Rap artist 50 Cent, NFL quarterback Michael Vick, actor Nicolas Cage and photographer of the stars Annie Leibovitz have at least one thing in common.
They apparently didn’t know how to manage a buck.
50 Cent, aka Curtis Jackson III, is the latest in a long, long line of wealthy personalities who have spent money recklessly.
You may have seen the headline that the talented rapper recently sought Chapter 11 bankruptcy protection from creditors.
Though some speculated it was a calculated move to avoid potential financial repercussions from a lawsuit, 50 Cent’s bankruptcy accounting shows someone in need of fiscal restraint. The rapper owes between $10 million and $50 million and listed assets in about the same range. Those numbers, if perfectly matched, would round out to a net worth of zero.
Based on a few details that have emerged, the rapper must have been carrying a lot of consumer debt given that he lives in a 21-bedroom home in Connecticut that reportedly has a racquetball court, a movie theater and an eight-car garage.
He also had about $20 million in legal fees and court judgments, according to The Wall Street Journal.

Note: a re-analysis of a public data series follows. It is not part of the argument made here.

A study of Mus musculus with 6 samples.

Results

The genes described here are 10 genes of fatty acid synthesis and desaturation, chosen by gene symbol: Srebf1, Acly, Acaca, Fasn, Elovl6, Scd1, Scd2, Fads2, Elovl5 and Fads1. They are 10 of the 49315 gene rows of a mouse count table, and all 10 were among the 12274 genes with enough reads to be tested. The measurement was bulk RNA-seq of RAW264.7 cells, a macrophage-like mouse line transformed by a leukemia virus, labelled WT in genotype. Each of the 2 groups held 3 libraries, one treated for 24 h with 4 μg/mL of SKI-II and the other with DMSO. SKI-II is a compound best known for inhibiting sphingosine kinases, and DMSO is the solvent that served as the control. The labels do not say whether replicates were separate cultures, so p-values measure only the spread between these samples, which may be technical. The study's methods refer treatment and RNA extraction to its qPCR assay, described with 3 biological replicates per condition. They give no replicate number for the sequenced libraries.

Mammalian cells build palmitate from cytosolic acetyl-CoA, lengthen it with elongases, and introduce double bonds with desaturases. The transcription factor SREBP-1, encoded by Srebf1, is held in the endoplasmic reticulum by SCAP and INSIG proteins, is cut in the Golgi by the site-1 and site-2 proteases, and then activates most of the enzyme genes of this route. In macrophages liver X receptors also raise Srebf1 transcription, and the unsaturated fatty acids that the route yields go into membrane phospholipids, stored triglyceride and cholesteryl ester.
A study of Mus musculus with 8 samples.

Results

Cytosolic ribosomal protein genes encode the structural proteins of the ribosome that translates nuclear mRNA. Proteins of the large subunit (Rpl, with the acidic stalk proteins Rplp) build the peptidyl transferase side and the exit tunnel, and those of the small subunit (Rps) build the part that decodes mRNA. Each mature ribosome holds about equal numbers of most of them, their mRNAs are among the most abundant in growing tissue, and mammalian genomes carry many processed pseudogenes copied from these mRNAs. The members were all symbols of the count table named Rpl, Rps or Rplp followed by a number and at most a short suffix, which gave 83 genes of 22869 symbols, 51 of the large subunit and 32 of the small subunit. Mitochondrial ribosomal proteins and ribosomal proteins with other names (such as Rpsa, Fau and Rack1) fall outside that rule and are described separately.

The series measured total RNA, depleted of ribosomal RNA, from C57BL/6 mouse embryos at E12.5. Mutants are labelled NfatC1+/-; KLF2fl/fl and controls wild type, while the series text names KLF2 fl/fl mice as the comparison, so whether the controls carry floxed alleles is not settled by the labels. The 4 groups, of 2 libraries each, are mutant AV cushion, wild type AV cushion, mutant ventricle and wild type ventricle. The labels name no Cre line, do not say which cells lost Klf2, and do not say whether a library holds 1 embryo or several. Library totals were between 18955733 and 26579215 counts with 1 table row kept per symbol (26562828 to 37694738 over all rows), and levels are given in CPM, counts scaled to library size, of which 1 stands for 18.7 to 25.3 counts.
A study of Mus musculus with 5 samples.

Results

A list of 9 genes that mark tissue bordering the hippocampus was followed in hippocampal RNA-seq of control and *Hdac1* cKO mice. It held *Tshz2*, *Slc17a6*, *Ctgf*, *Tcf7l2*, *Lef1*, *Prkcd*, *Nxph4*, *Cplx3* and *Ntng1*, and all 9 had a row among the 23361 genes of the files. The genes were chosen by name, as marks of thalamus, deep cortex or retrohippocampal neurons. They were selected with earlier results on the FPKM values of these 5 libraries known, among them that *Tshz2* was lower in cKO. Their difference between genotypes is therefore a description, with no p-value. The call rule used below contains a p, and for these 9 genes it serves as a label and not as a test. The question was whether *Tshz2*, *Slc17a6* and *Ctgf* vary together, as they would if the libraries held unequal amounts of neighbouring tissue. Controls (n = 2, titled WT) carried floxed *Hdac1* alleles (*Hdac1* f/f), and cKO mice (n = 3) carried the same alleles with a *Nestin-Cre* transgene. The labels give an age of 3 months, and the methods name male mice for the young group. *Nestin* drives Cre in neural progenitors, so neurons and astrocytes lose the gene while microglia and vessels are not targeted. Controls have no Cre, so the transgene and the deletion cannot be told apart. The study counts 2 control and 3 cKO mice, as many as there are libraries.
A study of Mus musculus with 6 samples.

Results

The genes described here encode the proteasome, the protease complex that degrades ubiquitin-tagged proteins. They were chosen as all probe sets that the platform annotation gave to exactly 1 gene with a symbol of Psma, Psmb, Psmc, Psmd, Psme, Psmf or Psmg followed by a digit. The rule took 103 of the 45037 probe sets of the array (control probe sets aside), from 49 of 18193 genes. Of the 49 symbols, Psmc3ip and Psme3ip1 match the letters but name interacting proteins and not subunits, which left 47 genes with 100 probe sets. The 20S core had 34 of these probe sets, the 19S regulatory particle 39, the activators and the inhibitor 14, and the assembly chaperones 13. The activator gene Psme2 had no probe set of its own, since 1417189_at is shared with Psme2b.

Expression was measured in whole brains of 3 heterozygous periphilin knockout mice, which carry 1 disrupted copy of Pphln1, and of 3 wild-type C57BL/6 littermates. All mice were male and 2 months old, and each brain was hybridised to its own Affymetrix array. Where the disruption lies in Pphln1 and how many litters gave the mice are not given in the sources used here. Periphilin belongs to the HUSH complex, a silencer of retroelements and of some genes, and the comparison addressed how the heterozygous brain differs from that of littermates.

“Times are hard out here, for real,” 50 Cent said in a television interview after his bankruptcy filing. For real, indeed.
The news about 50 Cent’s financial hardship also got me thinking: Are there some money takeaways for kids?
For starters, I think it’s fair to say that many of the celebrities, business titans and sports stars who have crashed and burned financially failed to heed one of the most basic rules of personal finance: Never spend beyond your means.
It also goes to show that all the money and celebrity status in the world guarantees nothing. It’s amazing, and alarming, how suddenly wealth can slip through your fingers if you’re not watching your pennies.
Which leads to another lesson for kids: Be an active participant in managing your money. Whether it’s a savings account or stocks, know what you’re investing in. Even if you hire a financial adviser, don’t just hand over the money and walk away from the responsibility of making investment choices and monitoring the results.
What role can parents play?
Here’s what I’ve learned from raising three kids: Take advantage of simple, everyday opportunities to engage your kids in money matters.
For example, take them to the grocery store and put them in charge of the coupons and price comparisons. Or when watching television or playing a video game, talk about the commercial messages they’re seeing.
I’m also big on allowances — it prompts kids to make spending decisions about their own money rather than withdrawing from the Bank of Mom and Dad. This will help your kids learn to balance spending and saving, and wants and needs.
As family money expert Susan Beacham of the Money Savvy Generation said, “It’s all right to buy yourself some happy, but expecting money to buy all your happiness will bankrupt you financially and personally.”